With the All-Star break now behind us, all of baseball's attention turns toward two things—the race to the postseason and the trade deadline.
While we've already seen a big trade with Jeff Samardzija being moved to the Oakland Athletics, more deals should shortly follow. Below, let's take a look at two pitchers—and one team—that should be right in the thick of the discussions as July winds down.
The biggest fish in the free-agency market continues to be Tampa Bay Rays ace David Price. While the Rays may have turned their season around enough to hold onto him rather than unload him, they've also never been an organization likely to turn away a package of talented prospects for a proven star.
As Jim Bowden of ESPN Insider (subscription required) notes, however, they may demand a particularly high price for Price:
Many contending teams interested in David Price now aren't sure the Tampa Bay Rays will actually trade him before the trade deadline.
The impression teams are getting is that if the Rays manage to get back in the playoff chase, they will hang on to Price, and if they don't, they will trade him only if they get a better package than what the Chicago Cubs got for Jeff Samardzija, which eliminates a number of possible suitors.
The Rays would be looking for an elite prospect and a top prospect in exchange for Price, and there are only a few organizations that have that type of package to offer, including the Los Angeles Dodgers, St. Louis Cardinals, Cubs and Minnesota Twins, and the latter two teams aren't really a fit for Price.
One team that has completely taken itself out of the running is the Los Angeles Angels, per Bill Shaikin of the Los Angeles Times:
David Price might be the grand prize in the trade market, but the Angels are out of the running.
The Angels long have known they do not have the elite prospects necessary to acquire Price from the Tampa Bay Rays. That would require the Angels to trade players from their major league roster, and General Manager Jerry Dipoto said Wednesday he has no intention of doing that in any deal.
'We’re not looking to move pieces from our major league club,' Dipoto said.
You can't blame the Rays for holding out for a small ransom. Price consistently produces and is an impressive 9-7 with a 3.23 ERA, 1.07 WHIP and 164 strikeouts in 147.2 innings pitched. For a team looking to make a postseason run, Price would be an excellent addition.
It doesn't hurt that Price has plenty of experience in October, either.
Price has become a fairly regular fixture on the trade market, but the Rays are always just good enough—and likely can never get quite an attractive enough trade package—for him to be dealt. Will this year be any different?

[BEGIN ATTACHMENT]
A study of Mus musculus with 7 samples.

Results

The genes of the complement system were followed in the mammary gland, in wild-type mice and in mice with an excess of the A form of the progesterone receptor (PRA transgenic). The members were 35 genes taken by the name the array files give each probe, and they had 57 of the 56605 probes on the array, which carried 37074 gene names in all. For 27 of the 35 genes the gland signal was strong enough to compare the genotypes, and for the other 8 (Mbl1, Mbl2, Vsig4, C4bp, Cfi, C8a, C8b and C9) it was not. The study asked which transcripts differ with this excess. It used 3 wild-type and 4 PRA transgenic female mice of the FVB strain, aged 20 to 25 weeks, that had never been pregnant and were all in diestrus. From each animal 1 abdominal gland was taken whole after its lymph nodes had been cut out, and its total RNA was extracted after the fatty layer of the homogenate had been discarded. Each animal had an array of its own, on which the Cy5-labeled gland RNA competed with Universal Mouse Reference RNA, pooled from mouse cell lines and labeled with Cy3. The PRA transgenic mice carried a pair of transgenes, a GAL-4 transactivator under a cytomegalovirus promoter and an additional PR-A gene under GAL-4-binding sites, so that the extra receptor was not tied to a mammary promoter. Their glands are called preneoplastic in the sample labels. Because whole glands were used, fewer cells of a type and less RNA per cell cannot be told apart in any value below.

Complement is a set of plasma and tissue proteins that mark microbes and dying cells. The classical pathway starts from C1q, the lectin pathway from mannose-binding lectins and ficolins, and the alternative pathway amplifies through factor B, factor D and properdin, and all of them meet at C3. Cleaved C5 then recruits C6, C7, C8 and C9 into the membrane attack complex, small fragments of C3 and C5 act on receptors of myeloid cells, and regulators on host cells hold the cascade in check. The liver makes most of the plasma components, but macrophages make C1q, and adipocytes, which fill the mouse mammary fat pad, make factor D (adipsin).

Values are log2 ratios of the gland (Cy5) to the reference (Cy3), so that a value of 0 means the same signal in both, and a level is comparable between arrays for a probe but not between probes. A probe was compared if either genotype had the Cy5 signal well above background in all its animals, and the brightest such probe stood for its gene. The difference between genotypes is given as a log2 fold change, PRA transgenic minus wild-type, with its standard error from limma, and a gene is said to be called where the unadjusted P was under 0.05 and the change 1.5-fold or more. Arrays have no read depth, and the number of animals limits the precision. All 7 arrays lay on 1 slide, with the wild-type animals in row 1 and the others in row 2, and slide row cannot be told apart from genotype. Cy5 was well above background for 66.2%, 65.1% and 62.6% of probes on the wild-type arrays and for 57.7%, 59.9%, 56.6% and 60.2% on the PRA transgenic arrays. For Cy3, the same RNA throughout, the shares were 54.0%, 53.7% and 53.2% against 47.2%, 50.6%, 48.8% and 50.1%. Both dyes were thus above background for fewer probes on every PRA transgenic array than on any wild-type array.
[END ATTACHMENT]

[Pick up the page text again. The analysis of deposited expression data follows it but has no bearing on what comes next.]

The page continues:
More than likely, no.
Cole Hamels and the Philadelphia Phillies Fire Sale (Or Lack Thereof)
Let's call a spade a spade—the Philadelphia Phillies aren't very good. Long gone are the days of the team consistently reaching the playoffs as Chase Utley, Jimmy Rollins, Ryan Howard and Cole Hamels terrorized the NL East.
And yet the Phillies seem to be putting off the inevitable fire sale that could invigorate the farm system and start the rebuilding process. It's a curious decision, but according to Bowden, one the team will likely stick to.
While Marlon Byrd could very well be dealt, several other Phillies may be sticking around, as Bowden writes:
Cole Hamels is the real trade chip the Phillies have, especially if Price isn't traded. He is the one player who could bring back major league-ready impact prospects and escalate the Phillies' rebuilding process. However, some GMs are getting the impression the Phillies won't trade him, which would be a mistake. Cliff Lee has not looked good on his rehab assignment, and he's more likely to be dealt in August rather than July, which would give him more time to prove he's healthy and productive again.
It appears both Rollins and Utley will stay put, although the Phillies should consider offering Utley to the Oakland A's or San Francisco Giants if they can find a good trade for their future.
It appears that the Phillies have already had talks of dealing Byrd to the Seattle Mariners, however. But with a no-trade clause in his contract, it remains to be seen if Byrd would give the okay on any deal. He gave Leslie Gudel of CSN Philly a fairly generic answer when questioned about waiving the draw:
The worst thing that might have happened for this organization was the Boston Red Sox winning the World Series a year ago. Why? Because that Red Sox team essentially rebooted a veteran roster by hitting the free-agency market hard rather than choosing to completely rebuild the team.
The past two seasons, the Phillies have taken a similar approach but failed to reach any level of success. If Bowden's report is to be believed, it looks as though they will now resist blowing things up and instead try to reboot this winter for a third consecutive time.
Perhaps the third time will be the charm. Or perhaps they'll once again miss a golden opportunity to restock their farm system by trading away several key veterans.
At this point, Phillies' fans would probably prefer the latter.